My Definition of Equality

Arati - Ashburn, Virginia
Entered on December 5, 2008
Age Group: Under 18

The last day of senior year, bidding my friends farewell, recalling the infinite memories of high school, and capturing those final moments with the people around you. On this final day, some of my friends and I decided to pay a visit to the community park, where many of us had spent time together throughout high school. As we frolicked through the playground and walked down memory lane, suddenly a woman walked by and told us we were too old to be playing around at the park and that we should leave before we break anything. My friends and I asked her why and told her that it was our park too, but her responses were just a mere “I want my children to be able to play here in the future.” She raged on about being a resident of the community and how she can say what she thinks is right. We responded that we had every right to be there, just like everyone else. Suddenly, she turned towards me and some of my friends and in a crude response said, “Unfortunately there are people like you in this country.”

As my friends responded furiously to her remark, I stood there idle and speechless because it was the first time that I remember a racial slur being thrown at me, in such an obvious manner. I am an Asian-Indian 17-year old girl born in America, who is being attacked by a woman who judged me and my friends based on the color of our skin. What had I done to deserve this? Why should anyone have any right to attack my existence in this country? Why was I looked upon as an outsider in a free country where we are all supposed to be equal? As a citizen, I am given my right to equality, whether it be explicitly outlined in documents or implied within the values of society. I have the equal right to be an American and to pursue the American Dream.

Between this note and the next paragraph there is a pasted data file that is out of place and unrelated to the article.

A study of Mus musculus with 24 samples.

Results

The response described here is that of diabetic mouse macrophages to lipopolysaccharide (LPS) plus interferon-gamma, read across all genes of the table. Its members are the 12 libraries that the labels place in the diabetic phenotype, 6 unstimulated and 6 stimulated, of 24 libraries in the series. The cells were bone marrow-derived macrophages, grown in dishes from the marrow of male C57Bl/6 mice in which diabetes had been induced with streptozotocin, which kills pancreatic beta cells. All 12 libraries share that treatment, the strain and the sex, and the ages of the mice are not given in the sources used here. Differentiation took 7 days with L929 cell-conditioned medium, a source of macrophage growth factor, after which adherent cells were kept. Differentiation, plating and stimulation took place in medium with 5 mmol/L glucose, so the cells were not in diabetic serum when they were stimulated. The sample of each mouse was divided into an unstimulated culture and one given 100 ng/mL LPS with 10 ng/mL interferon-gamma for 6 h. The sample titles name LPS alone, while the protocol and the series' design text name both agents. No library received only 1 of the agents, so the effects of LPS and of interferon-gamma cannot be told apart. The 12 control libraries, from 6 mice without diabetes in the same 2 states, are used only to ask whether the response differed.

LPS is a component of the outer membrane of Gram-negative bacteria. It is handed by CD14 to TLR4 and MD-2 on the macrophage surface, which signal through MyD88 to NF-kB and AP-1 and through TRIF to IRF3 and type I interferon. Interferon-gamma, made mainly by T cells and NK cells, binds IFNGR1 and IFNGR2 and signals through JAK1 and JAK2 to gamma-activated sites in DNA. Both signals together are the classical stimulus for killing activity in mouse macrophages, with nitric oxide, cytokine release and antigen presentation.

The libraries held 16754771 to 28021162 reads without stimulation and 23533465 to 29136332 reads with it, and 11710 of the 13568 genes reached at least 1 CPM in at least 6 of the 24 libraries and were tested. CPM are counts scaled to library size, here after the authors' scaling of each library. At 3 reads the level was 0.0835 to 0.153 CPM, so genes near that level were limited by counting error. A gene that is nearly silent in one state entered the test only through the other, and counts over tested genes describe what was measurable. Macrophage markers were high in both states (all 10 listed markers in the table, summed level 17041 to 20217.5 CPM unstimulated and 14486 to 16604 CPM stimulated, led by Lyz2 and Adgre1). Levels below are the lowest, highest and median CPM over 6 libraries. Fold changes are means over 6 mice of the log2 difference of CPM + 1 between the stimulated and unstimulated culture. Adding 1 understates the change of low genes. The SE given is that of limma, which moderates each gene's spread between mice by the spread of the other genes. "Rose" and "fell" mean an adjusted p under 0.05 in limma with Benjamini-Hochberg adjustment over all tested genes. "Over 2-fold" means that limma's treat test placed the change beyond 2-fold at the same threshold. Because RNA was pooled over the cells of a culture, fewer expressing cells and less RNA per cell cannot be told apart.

This one instance made me reflect on how the existence of racist attitudes hinders true equality. I am one of many who have been targets of racism. This discrimination only isolates people, leading to a racial inequality mentality. However, sometimes we seem to bring upon isolation and inequality on ourselves. We all fill in ovals or check boxes to identify our race, when we could all be a part of the race marked other or simply human. This inequality is not just brought upon by racism, but also by gender and class. We say we have moved away from discrimination, and yet a glass-ceiling still exists in many occupations. These instances seem to inevitably portray the inequality that still exists in American society.

We envision our country as the melting-pot, where all of our differences come together and portray the diversity of America. However, a true American melting-pot can exist only if we believe that each individual contributes an equal part to diversify America. I believe in assimilating our individual backgrounds and distinct cultures because in the end we all uniformly represent one country. I believe in the accepting every individual as a simple human being, not imposing isolation based on race, gender, religion, class, or creed. I believe in true equality.